Despite the constant whining we heard from the media about how cold it was in the Twin Cities over Super Bowl week, it turns out that a lot of people came for the festivities after all. And those people spent some money while they were in the area.
A whole lot of money.
According to a story from the St. Paul Pioneer Press, the economic impact of having the NFL’s big game in the Twin Cities was approximately $400 million. That’s net impact, which means that local costs and activity that was otherwise displaced has already been figured in.
We’re still waiting on the results of the study that show what sort of economic impact the Super Bowl would have had on the Twin Cities if U.S. Bank Stadium hadn’t been built, the Minnesota Vikings would have left town, and the game would have been played somewhere else. I’m not an economist, but my estimate is slightly less than $400 million.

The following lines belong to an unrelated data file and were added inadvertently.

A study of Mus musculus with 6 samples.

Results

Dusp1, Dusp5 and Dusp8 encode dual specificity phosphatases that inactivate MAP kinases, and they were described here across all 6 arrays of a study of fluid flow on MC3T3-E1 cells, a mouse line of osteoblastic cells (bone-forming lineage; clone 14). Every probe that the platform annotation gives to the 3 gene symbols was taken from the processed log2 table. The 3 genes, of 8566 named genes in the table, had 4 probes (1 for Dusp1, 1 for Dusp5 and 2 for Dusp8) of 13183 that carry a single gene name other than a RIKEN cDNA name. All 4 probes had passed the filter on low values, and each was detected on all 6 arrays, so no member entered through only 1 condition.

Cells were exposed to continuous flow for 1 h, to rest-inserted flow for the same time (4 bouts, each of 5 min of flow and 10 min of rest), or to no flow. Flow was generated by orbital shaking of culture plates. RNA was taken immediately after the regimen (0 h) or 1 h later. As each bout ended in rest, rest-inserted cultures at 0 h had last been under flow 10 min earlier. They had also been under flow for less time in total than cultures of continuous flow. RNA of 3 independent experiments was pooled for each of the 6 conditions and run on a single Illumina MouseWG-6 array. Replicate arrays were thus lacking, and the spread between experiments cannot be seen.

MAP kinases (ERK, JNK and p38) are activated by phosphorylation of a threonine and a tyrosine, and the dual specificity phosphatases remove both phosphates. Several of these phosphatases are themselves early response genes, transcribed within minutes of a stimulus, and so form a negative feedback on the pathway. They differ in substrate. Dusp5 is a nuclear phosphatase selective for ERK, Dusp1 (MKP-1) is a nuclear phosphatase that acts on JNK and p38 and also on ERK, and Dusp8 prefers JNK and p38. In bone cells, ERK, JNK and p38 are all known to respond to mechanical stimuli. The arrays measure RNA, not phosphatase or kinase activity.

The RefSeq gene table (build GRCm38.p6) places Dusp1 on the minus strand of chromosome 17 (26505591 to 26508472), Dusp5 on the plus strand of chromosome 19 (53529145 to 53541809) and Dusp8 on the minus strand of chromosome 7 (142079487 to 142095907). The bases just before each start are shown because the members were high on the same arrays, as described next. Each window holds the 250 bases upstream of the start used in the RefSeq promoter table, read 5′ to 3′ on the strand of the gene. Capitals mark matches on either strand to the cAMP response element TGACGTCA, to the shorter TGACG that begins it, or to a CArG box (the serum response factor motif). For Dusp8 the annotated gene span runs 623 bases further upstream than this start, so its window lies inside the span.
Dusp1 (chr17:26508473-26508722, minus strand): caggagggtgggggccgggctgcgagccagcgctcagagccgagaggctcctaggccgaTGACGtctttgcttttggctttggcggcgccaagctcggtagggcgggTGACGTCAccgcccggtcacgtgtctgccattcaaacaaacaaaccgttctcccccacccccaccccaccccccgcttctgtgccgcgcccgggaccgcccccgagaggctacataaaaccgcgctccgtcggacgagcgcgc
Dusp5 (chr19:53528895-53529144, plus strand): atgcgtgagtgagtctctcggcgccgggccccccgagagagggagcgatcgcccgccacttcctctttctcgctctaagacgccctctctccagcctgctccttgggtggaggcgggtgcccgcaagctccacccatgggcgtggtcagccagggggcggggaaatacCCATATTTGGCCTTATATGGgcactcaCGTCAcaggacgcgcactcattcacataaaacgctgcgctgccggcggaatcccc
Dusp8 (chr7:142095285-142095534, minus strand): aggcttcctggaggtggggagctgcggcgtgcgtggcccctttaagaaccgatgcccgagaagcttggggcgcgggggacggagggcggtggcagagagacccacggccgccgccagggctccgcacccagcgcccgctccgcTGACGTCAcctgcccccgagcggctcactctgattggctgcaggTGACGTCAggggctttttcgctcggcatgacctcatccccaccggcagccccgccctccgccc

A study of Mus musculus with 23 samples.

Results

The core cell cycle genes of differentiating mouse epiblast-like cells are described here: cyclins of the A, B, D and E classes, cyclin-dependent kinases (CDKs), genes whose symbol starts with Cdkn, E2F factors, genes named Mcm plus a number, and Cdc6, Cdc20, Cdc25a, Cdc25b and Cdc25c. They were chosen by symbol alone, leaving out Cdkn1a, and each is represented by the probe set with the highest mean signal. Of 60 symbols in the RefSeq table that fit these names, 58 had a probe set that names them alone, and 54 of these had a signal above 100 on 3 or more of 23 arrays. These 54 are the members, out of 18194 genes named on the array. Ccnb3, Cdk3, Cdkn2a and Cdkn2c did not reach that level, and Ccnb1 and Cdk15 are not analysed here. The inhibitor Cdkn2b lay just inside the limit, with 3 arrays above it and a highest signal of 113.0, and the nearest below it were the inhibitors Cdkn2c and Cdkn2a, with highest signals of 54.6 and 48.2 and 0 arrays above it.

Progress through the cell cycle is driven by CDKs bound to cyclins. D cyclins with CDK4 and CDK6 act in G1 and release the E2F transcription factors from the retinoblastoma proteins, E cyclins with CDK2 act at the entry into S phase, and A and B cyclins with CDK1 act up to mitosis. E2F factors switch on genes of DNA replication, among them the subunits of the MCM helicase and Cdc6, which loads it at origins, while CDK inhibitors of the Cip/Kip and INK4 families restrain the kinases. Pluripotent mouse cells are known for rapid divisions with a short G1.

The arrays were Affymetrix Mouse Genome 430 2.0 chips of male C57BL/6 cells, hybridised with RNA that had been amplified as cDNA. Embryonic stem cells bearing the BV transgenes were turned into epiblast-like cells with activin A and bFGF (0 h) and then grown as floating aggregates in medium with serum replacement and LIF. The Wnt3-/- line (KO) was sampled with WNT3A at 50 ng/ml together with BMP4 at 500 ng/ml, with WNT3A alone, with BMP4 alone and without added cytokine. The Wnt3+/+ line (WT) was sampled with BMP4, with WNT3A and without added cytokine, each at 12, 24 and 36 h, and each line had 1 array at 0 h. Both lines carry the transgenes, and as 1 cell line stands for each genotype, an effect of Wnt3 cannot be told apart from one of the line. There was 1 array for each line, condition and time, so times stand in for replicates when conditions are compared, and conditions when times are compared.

According to the study, the average visitor during Super Bowl week stayed in the city for about four days and spent right around $600 a day. I’m guessing that includes all sorts of expenses, but that still sounds like a whole lot of money.
Despite all of this, it seems unlikely that the Twin Cities will be hosting the game again any time soon. After all, the journalists that come in from out of town spent anywhere from five to fifteen minutes outside over the course of the entire week, and every single one of those minutes were completely unbearable. That means that the game is likely going to be relegated to warmer climates for the foreseeable future.
But, it would appear that all of the people that seemed to poo-poo the idea of U.S. Bank Stadium being an economic benefit to the area were, shockingly, incorrect. Given that the city is now also going to be hosting the upcoming Men’s Final Four, among other events, we’re simply going to see an amplification of just how incorrect they were.